Only two months ago, when it inked the deal, the publishing giant stood by what now looks to have been a straw man “free speech” defense, saying then in a statement:
“While we are cognizant that many may disagree vehemently with the books we publish we note that the opinions expressed therein belong to our authors, and do not reflect either a corporate viewpoint or the views of our employees.”
Obviously, Yiannopoulos’s transphobic, xenophobic and misogynist barbs didn’t deter Simon & Schuster from nixing the book, but his seemingly enthusiastic support of pedophilia apparently crossed a line. “And this is what it took, Simon & Schuster/Threshold? You were cool with the racism, anti-immigrant invective, and transphobia?” an LGBT literary activist posted on Facebook.
According to a transcript from the Drunken Peasants podcast, Yiannopoulos said that he opposes consent laws and advocates for relationships in which “older men help those young boys to discover who they are and give them security and safety and provide them with love and a reliable and sort of a rock where they can’t speak to their parents.”
Before his resignation Tuesday, Breitbart editor in chief Alex Marlow called Yiannopoulos’s comments endorsing sex between adult men and boys “absolutely indefensible.”
As one who suffered at the hands of a sexual predator as a young boy, I’m repulsed by Yiannopoulos’s disregard of the importance of the laws of consent and the great harms suffered by too many young people at the hands of pedophiles. But do I think those statements are worse, more actionable, than what he has said about transgender people, women or Muslims? Frankly, that’s a distinction without a difference when it comes to Simon & Schuster’s free speech defense. It’s the speech we hate the most that needs the greatest protection. In announcing the cancellation, the publisher and its Threshold Editions imprint simply noted that the decision had come after “careful consideration.” Of what, they did not say.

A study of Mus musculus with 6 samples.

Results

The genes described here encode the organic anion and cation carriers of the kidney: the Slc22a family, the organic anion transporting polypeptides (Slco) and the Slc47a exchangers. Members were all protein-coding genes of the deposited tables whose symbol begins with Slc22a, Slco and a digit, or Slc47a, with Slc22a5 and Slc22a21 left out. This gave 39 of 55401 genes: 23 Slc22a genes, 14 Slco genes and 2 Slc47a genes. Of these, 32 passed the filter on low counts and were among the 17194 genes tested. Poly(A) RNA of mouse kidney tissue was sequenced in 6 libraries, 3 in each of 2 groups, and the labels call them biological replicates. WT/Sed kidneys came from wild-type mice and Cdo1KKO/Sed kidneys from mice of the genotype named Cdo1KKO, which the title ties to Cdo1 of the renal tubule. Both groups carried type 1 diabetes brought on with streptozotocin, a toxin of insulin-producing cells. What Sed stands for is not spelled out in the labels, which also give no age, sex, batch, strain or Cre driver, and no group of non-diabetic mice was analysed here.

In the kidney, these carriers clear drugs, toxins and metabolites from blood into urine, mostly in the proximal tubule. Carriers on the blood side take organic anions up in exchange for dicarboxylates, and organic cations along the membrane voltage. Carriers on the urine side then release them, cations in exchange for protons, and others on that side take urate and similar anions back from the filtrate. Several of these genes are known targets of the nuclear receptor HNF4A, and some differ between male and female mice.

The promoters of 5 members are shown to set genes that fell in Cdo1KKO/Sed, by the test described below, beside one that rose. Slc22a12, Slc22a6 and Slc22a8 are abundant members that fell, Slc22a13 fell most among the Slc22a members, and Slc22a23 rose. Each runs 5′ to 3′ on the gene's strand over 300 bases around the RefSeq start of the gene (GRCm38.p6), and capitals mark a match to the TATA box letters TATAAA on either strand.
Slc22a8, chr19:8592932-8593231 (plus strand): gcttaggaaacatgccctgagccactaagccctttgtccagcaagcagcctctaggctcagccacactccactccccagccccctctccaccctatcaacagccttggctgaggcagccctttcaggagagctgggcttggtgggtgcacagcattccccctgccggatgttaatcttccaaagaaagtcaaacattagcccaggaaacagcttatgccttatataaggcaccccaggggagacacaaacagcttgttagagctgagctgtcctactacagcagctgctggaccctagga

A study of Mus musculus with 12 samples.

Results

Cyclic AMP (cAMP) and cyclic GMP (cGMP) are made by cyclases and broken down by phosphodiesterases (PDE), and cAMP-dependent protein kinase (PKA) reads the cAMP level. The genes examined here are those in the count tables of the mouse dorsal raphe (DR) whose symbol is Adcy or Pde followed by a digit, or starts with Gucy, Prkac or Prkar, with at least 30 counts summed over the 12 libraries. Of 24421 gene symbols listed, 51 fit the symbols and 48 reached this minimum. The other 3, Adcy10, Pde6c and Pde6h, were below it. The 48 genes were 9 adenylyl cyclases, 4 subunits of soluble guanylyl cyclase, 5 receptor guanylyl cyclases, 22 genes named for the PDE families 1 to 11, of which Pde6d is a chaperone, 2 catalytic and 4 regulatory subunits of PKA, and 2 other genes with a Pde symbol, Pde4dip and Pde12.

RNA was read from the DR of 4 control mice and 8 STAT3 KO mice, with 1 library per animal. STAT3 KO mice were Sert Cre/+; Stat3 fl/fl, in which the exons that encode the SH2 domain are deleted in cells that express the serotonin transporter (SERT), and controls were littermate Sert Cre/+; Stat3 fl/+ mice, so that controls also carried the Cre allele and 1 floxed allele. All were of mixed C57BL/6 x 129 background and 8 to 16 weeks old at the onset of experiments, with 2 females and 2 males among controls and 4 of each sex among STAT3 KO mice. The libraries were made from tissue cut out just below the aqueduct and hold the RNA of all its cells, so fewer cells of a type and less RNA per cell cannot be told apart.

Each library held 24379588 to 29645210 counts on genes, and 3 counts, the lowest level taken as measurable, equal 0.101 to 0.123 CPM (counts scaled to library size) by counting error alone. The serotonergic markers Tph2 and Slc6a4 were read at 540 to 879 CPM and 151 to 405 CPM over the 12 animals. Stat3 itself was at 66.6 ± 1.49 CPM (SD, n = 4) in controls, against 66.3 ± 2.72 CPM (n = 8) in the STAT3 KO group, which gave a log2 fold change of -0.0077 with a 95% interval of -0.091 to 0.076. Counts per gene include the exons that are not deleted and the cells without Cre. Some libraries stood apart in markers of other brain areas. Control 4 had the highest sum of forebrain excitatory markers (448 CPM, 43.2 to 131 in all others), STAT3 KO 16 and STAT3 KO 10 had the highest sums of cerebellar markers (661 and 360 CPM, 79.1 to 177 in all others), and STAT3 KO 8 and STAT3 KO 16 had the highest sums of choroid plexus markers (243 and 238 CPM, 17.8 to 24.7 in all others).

This decision tells us two things. Despite Yiannopoulos’s previous hurtful and hateful statements (which earned him a lifetime ban from Twitter), Simon & Schuster calculated that it could earn back its $250,000 advance and then some. That is, back in December. In a Tumblr post published Tuesday, writer Roxanne Gay, who dropped Simon & Schuster as her publisher over the controversy, summed it up this way:
“In canceling Milo’s book contract, Simon & Schuster made a business decision the same way they made a business decision when they decided to publish that man in the first place. When his comments about pedophilia/pederasty came to light, Simon & Schuster realized it would cost them more money to do business with Milo than he could earn for them.”
It has always been a business decision for Simon & Schuster, whose mission — let’s not forget — is to sell books. There’s nothing wrong with that; in fact, as an author I’m all for it. But businesses, like people, need a moral compass, a set of guiding values beyond profiteering.
What’s left for Simon & Schuster to do now? “Right actions in the future are the best apologies for bad actions in the past,” American theologian Tryon Edwards once said. In the meantime, an actual apology from chief executive Carolyn Reidy would be a start, with the acknowledgment that the company lost its way over “Dangerous” and that it will rethink its editorial decision-making in the future.